Star Trek V: The Final Frontier Parent Guide
Poor writing, an unconvincing plot...give this one a miss and watch one of the better Stark Trek movies.
Parent Movie Review
When the U.S.S. Enterprise is called off to negotiate a hostage rescue, without completing her refit, the last thing the crew expects is a hijacking. Unfortunately, they find that Spock’s (Leonard Nimoy) half-brother Sybok (Laurence Luckinbill) orchestrated the kidnapping. His rationale for the deed? To lure the Enterprise away from space dock so he could steal it and fly it past the impenetrable Great Barrier to the centre of the galaxy- a place he believes he can find God himself. Kirk (William Shatner), McCoy (DeForest Kelley), and Spock will have to resist the temptations Sybok offers in order to stop him and save the ship.
To be honest, this is my least favorite Star Trek movie. The writing is inconsistent, in terms of established canon and specific characters, and the plot is far more complex than the simplistic approach allows. Perhaps the worst offender is the unconvincing romance between Scottie and Uhura, which is awkwardly written and appears in no other Star Trek media.
A lot of production choices also seem driven by what director, screenwriter, and star William Shatner felt like doing, rather than what would benefit the story. The wrestling match with the scantily-clad cat/girl/alien bar dancer is the obvious example, but the addition of neon strip lighting throughout the Enterprise doesn’t help. Have you ever wanted to see what the Enterprise would like like as a bowling alley in a strip mall? Look no further, for here is your answer. It looks awful.
The film is less suitable for children as well as being mostly unpleasant for adults. It’s more violent and has more profanity than most other films in the series, especially coming on the heels of The Voyage Home, which had almost no violence. The plot is also a bit much for younger audiences, managing to be both philosophically and theologically underwhelming, and poorly paced to boot. On top of these problems, the film will likely offend evangelical Christian viewers who will not be amused by its portrayal of God (or a deity-like being).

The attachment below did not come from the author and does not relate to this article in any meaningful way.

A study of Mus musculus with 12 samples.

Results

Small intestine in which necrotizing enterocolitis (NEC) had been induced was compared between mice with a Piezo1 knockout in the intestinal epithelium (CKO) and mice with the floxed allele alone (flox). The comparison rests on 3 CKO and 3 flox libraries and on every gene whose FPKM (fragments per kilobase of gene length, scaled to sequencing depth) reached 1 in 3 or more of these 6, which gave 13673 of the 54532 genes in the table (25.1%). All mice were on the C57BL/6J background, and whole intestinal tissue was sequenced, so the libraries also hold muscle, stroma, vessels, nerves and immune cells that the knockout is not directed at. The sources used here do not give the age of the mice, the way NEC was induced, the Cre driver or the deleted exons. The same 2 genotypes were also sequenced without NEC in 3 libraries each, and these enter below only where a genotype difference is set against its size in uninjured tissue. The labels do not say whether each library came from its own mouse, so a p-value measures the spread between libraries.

There really isn’t a compelling reason to watch this one. I happen to have seen it three times, and frankly, I’d just as soon drop that number to zero. The first two times were part of Star Trek marathons with friends, and I don’t think anyone else really wanted to see it either. It’s not worth the two hours of boredom to say you’ve watched them all. Just skip it and move on to my favorite in the franchise, The Undiscovered Country.Directed by William Shatner. Starring William Shatner, Leonard Nimoy, and DeForest Kelley.. Running time: 137 minutes. Theatrical release June 9, 1989. Updated August 15, 2019
Watch the trailer for Star Trek V: The Final Frontier
Star Trek V: The Final Frontier
Rating & Content Info
Why is Star Trek V: The Final Frontier rated PG? Star Trek V: The Final Frontier is rated PG by the MPAA
Violence: A number of individuals are either shot with bullets or stunned by phasers in a large scale gunfight. Several people are punched, shoved, pushed, or kicked throughout the movie. A gravely ill man is shown being euthanized.
Sexual Content: There are two scenes featuring women dancing provocatively in scanty outfits, but both are quite dark and fairly brief.
Profanity: Use of mild profanity and terms of deity is frequent.
Alcohol / Drug Use: Individuals are shown drinking whiskey around a campfire, and later drinking an assortment of beverages at a reception.
Page last updated August 15, 2019
Star Trek V: The Final Frontier Parents' Guide
Sybok is convinced that the secrets to life are behind the Great Barrier. What are some barriers to knowledge you can think of? (e.g. university tuition, acceptance, public school qualities, access to libraries). How can we make knowledge more accessible to more people? Do you have religious or philosophical convictions that give you a sense of meaning in your life
In the end, Sybok realizes that all his good intentions have caused everyone around him a lot of trouble. How can we recognize when we are in the wrong, even when we are certain we’re right? Who can you rely on to help you identify your own harmful behavior?